I’d heard of the Mitford sisters but didn’t know much about them until I visited the Cotswolds several years ago. On a bicycle ride during that trip, we got an introduction to their story from our tour guide not only because their family home was in the Cotswolds village of Swinbrook, but also because we ate lunch that day at the Swan Inn, owned at the time by the Dowager Duchess of Devonshire, the last surviving Mitford sister. That’s why I adore the two books I describe here.
“The Bookseller’s Secret” by Michelle Gable
If, as I do, you like books about books, this one's for you. The story shifts back and forth between WWII London and the modern-day, and includes the real-life author Nancy Mitford, making it an unputdownable read for me. Though I’d heard of the Mitford sisters, I'd never read any of Nancy Mitford's books. This story details her struggles to write another successful novel as she is supporting herself working at the Heywood Hill bookshop during the war. Her wit is one of the main attractions of these chapters. That and glimpses of characters like author Evelyn Waugh. Remember "Brideshead Revisited?"
Like Mitford, the modern fictional author Katie Cabot is enduring a similar dry spell, three years after penning a best seller. As her story unfolds, we see the parallels in their lives and struggles, but that's not the best part. For me, the best part is the mystery about a possible missing Nancy Mitford manuscript, an autobiography. Did she really write one? The mystery unfolds against the backdrop of Nancy's fascinating life during and after the war. Hence, my decision to pick up "Pursuit of Love" which is supposedly her fictional version of those years.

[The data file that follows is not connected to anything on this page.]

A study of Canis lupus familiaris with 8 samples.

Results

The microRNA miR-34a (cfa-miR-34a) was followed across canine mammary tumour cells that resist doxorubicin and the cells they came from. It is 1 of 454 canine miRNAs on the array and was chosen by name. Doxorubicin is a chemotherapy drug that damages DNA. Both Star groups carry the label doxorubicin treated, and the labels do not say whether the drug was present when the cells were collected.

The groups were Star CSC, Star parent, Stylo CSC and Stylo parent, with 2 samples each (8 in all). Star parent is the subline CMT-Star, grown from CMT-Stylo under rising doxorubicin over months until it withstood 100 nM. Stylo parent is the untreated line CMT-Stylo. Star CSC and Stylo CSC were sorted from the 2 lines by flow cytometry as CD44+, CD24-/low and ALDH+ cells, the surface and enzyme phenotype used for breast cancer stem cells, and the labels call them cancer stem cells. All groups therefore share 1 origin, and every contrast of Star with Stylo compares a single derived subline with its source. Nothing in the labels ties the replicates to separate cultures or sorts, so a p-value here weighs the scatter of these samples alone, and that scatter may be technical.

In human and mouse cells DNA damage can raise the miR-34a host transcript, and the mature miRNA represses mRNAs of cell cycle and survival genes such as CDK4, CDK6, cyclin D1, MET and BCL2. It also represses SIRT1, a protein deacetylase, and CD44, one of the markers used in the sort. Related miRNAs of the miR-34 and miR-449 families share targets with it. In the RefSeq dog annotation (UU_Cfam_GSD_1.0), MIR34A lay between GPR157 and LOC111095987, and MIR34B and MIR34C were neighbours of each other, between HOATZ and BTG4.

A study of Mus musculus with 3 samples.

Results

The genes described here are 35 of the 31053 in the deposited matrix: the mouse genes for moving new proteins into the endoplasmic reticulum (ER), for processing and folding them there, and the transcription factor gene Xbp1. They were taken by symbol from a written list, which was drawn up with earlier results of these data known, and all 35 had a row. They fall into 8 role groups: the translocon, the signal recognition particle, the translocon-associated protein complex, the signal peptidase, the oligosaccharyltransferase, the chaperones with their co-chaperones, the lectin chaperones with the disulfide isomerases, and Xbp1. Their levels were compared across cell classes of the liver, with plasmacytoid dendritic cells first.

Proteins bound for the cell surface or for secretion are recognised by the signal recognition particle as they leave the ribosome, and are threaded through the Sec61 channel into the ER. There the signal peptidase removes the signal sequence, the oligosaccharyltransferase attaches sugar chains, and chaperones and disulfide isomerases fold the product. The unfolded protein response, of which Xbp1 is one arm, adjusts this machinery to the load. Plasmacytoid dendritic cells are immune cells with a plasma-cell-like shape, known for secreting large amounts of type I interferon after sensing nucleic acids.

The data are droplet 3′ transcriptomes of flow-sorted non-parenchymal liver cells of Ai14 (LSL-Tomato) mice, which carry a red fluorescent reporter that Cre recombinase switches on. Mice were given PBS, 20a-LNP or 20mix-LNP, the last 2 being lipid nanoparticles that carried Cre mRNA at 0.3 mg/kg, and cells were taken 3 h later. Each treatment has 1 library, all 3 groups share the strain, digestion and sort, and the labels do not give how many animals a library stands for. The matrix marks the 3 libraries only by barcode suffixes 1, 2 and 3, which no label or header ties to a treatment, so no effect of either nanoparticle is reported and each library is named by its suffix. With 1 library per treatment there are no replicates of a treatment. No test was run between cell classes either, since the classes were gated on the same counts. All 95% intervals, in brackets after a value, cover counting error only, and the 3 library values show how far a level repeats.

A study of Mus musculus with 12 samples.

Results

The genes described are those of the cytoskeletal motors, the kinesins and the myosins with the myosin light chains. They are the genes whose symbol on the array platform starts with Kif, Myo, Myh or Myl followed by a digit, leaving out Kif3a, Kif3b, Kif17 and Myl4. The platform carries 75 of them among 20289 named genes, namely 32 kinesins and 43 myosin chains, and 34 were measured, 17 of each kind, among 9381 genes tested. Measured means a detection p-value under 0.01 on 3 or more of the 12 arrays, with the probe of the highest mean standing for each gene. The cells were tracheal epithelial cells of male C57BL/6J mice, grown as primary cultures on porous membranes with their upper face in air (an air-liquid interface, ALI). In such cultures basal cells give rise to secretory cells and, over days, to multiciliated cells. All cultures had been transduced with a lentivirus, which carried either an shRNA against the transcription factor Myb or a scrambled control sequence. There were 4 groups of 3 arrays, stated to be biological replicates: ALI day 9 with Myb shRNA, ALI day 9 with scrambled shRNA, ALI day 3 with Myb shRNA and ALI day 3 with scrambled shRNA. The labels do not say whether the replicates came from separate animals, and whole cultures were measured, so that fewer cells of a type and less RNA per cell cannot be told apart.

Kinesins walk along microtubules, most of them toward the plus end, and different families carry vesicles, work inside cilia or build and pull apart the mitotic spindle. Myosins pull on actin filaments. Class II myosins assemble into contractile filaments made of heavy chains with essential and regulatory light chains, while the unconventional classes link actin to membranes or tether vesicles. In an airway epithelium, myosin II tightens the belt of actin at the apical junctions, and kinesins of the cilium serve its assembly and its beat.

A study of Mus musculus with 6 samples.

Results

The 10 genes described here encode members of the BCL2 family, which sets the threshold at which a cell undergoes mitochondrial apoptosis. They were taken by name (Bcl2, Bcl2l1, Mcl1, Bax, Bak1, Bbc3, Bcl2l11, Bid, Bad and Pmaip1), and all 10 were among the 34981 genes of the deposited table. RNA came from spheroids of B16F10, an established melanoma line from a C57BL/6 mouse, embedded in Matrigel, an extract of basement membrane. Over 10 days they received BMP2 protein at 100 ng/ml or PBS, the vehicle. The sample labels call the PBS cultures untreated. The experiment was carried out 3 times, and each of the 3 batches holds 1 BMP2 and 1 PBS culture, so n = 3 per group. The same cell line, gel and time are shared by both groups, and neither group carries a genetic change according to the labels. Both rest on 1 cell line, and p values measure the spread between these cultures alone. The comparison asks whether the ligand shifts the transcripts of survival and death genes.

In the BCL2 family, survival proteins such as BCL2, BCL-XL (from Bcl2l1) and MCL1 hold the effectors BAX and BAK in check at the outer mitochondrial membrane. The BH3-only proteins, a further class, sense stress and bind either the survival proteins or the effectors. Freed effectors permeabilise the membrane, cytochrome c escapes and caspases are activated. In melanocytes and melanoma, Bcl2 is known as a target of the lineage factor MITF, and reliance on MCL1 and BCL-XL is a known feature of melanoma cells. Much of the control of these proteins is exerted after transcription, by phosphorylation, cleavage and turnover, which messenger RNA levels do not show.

“The Pursuit of Love” by Nancy Mitford
Nancy Mitford really did work in a bookshop in London during WWII, and in 1945, she wrote "The Pursuit of Love." The sisters in the book are based on Mitford and her sisters, though it is not a one-for-one match. The foreword in the edition I read was written by her sister Jessica in 1982. All in all, it was a fascinating and often LOL read.
How much of the story, especially the details about the main character’s French lover, are true to life? It is a fact that Nancy Mitford did have a long-time affair with Gaston Pawleski, an associate of Charles de Gaulle. Did she meet him in a French train station as depicted in this novel? Did he visit her in London during the war? I could likely find the answers by spending a few hours on the internet, but I think I’ll just remember the tales told in Nancy’s book and the more recent “The Bookseller’s Secret.”
You know a novel has stood the test of time when it has been turned into an Amazon Prime series, and that’s what has happened with “The Pursuit of Love.” For me, thoughts about both books continued to surface in my brain for several weeks. In my mind, that’s the mark of a good story.
If you find these descriptions interesting, I recommend you start with Michelle Gable’s fictionalized account.